In the first installment, ‘Freedom Denied’ shares Scarlette Annette Orso’s story

MONTGOMERY, Alabama – Despite thousands of people in Alabama's prisons being eligible for parole and awaiting a hearing, the Alabama Bureau of Pardons and Paroles denies even the best candidates. “Freedom Denied” – a new series by the Southern Poverty Law Center (SPLC) – will explore the human cost of the Alabama parole board’s decisions, which have shown a predisposition to deny parole to incarcerated people who have for years – often decades – abided by prison rules, completed classes and maintained behavior that should prompt serious consideration of a release by parole.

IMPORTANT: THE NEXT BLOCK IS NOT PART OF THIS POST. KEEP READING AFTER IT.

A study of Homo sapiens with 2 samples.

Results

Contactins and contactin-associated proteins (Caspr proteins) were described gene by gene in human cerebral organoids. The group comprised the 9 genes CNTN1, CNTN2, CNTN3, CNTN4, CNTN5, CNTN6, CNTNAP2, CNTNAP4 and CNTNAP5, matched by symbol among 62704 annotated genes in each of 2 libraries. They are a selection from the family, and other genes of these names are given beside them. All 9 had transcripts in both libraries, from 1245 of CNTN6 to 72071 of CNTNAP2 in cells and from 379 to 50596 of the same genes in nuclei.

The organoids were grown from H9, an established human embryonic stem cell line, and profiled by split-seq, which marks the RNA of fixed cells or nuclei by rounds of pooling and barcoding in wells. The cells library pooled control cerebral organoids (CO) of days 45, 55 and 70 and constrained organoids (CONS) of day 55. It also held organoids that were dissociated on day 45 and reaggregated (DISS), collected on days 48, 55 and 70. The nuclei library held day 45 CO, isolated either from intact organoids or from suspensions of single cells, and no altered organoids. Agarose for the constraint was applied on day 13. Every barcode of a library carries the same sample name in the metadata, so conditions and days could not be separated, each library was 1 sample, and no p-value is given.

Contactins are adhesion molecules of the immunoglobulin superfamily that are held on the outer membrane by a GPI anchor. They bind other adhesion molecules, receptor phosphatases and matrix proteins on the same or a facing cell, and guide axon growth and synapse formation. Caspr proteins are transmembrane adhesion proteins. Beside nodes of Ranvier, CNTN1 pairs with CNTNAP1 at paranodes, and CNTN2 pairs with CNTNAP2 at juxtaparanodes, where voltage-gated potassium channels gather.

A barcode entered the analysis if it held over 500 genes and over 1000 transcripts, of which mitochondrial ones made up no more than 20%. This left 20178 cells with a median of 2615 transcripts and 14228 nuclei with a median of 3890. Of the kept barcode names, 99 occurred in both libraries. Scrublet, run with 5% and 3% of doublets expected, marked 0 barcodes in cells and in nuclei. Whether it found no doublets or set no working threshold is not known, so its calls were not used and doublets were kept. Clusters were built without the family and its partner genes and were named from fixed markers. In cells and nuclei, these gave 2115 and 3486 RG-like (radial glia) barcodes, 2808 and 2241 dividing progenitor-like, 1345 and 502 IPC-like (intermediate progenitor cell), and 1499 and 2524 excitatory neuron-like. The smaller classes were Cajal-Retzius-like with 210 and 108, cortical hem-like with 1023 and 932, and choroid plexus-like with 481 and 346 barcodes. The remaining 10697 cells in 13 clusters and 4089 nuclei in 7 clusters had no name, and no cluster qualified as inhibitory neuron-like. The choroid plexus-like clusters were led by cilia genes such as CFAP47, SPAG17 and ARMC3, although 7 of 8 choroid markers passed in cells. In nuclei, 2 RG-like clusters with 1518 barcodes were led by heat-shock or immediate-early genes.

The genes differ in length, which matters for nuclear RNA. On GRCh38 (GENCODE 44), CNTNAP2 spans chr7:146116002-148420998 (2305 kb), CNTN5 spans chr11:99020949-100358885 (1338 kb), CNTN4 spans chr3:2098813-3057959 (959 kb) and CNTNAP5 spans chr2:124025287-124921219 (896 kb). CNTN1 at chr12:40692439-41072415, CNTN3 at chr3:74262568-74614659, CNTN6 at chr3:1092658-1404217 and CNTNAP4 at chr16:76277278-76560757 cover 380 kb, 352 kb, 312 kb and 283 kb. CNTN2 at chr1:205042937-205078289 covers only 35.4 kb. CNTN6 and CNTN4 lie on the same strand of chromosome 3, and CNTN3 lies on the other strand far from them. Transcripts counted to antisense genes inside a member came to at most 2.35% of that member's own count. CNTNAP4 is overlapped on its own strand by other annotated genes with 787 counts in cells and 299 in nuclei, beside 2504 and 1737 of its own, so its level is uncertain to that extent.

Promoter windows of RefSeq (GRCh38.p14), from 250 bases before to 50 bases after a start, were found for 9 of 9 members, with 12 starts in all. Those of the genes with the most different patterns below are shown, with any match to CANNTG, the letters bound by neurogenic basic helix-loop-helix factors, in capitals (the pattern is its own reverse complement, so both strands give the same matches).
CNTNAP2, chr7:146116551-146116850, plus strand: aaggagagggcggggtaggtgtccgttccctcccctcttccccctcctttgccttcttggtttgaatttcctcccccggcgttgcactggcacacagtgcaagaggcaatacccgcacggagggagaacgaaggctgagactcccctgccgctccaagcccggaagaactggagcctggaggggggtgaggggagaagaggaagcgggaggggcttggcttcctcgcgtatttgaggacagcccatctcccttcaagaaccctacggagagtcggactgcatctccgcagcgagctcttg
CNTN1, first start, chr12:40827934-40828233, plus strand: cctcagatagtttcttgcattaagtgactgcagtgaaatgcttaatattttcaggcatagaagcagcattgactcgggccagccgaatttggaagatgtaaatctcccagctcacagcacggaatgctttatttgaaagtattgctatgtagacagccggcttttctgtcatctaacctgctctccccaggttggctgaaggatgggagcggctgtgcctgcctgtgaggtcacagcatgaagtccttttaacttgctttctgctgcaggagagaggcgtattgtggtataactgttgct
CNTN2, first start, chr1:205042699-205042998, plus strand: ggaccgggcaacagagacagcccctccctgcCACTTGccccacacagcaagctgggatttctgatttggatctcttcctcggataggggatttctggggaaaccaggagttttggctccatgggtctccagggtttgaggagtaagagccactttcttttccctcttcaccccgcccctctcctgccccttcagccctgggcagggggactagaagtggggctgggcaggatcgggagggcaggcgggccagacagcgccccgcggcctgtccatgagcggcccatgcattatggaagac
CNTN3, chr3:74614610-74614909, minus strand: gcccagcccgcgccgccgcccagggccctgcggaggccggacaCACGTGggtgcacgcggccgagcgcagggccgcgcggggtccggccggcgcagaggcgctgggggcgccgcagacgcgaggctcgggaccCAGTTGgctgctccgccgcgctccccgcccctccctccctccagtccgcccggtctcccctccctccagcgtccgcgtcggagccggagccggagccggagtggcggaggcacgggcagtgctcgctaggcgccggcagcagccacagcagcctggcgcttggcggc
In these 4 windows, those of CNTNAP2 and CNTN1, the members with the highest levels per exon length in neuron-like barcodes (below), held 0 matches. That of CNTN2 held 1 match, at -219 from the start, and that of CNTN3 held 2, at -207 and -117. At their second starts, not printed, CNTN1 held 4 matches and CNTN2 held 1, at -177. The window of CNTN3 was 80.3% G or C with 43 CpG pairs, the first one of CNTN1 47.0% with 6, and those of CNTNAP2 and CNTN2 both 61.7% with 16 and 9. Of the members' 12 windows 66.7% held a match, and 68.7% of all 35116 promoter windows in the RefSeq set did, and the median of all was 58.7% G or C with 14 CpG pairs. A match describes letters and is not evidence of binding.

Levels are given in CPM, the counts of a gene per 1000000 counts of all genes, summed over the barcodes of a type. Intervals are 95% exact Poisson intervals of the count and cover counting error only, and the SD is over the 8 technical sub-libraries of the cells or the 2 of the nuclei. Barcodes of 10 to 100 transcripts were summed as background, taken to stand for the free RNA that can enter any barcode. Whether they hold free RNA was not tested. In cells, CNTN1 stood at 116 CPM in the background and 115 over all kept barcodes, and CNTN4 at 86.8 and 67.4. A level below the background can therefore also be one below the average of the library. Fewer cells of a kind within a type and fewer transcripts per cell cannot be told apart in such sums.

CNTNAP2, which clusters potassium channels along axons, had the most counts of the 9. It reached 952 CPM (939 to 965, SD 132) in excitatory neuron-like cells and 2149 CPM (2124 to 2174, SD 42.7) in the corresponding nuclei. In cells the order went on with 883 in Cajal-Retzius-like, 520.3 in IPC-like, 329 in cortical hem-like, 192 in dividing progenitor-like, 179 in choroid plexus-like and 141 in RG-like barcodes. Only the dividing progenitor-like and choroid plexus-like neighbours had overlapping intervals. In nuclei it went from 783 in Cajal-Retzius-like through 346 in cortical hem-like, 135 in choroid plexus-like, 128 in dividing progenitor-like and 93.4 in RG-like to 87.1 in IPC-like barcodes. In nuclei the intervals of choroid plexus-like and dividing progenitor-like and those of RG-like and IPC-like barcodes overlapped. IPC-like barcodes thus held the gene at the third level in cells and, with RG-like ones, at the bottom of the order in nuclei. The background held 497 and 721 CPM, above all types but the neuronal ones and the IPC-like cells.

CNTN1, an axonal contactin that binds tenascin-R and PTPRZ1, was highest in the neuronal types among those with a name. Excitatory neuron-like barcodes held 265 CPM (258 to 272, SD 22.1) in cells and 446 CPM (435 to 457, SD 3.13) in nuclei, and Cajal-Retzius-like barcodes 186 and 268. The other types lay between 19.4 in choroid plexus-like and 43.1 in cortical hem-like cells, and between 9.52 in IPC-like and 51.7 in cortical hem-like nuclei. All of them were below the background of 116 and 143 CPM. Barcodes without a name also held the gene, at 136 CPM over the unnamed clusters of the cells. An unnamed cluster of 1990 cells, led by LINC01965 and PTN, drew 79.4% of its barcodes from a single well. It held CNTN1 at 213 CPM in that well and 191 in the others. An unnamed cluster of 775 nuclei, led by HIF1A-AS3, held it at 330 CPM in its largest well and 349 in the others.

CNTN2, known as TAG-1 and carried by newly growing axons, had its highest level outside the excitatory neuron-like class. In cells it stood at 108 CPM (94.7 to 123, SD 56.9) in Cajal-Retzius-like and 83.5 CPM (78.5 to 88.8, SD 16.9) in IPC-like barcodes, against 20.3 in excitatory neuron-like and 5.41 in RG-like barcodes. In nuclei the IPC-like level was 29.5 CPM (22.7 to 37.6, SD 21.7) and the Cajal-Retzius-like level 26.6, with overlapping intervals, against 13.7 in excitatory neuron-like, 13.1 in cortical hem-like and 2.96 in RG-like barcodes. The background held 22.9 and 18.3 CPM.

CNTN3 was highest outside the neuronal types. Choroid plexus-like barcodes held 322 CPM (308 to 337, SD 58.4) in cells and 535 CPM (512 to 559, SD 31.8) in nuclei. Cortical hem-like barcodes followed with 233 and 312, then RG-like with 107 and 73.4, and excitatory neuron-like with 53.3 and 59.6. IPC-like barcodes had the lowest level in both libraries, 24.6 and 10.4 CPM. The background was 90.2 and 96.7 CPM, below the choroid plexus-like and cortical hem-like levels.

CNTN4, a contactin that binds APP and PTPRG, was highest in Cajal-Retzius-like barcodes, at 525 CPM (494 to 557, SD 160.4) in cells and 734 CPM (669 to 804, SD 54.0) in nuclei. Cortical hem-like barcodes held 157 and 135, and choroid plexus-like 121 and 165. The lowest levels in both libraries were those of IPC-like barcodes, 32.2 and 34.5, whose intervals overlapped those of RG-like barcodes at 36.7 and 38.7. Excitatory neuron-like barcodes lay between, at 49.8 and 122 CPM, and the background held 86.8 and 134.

The series’ first installment, published today, dives into the story of Scarlette Annette Orso – a beloved community member who is serving a 20-year sentence for a crime few think she committed. 

Orso, who has earned her GED diploma in prison, has had only one disciplinary infraction in 12 years and lined up an after-hours janitorial job at a daycare center run by a friend, was denied parole in September.

The board’s record of denying parole is particularly noteworthy in a state grappling with dangerously overcrowded prisons that have prompted Department of Justice reports detailing shocking violence by correctional officers and systemic failures. An SPLC analysis published in September exposed mass denials of elderly and other at-risk people eligible for parole, despite continued prison overcrowding and deaths during the COVID-19 pandemic.

Read SPLC’s “Freedom Denied” series here.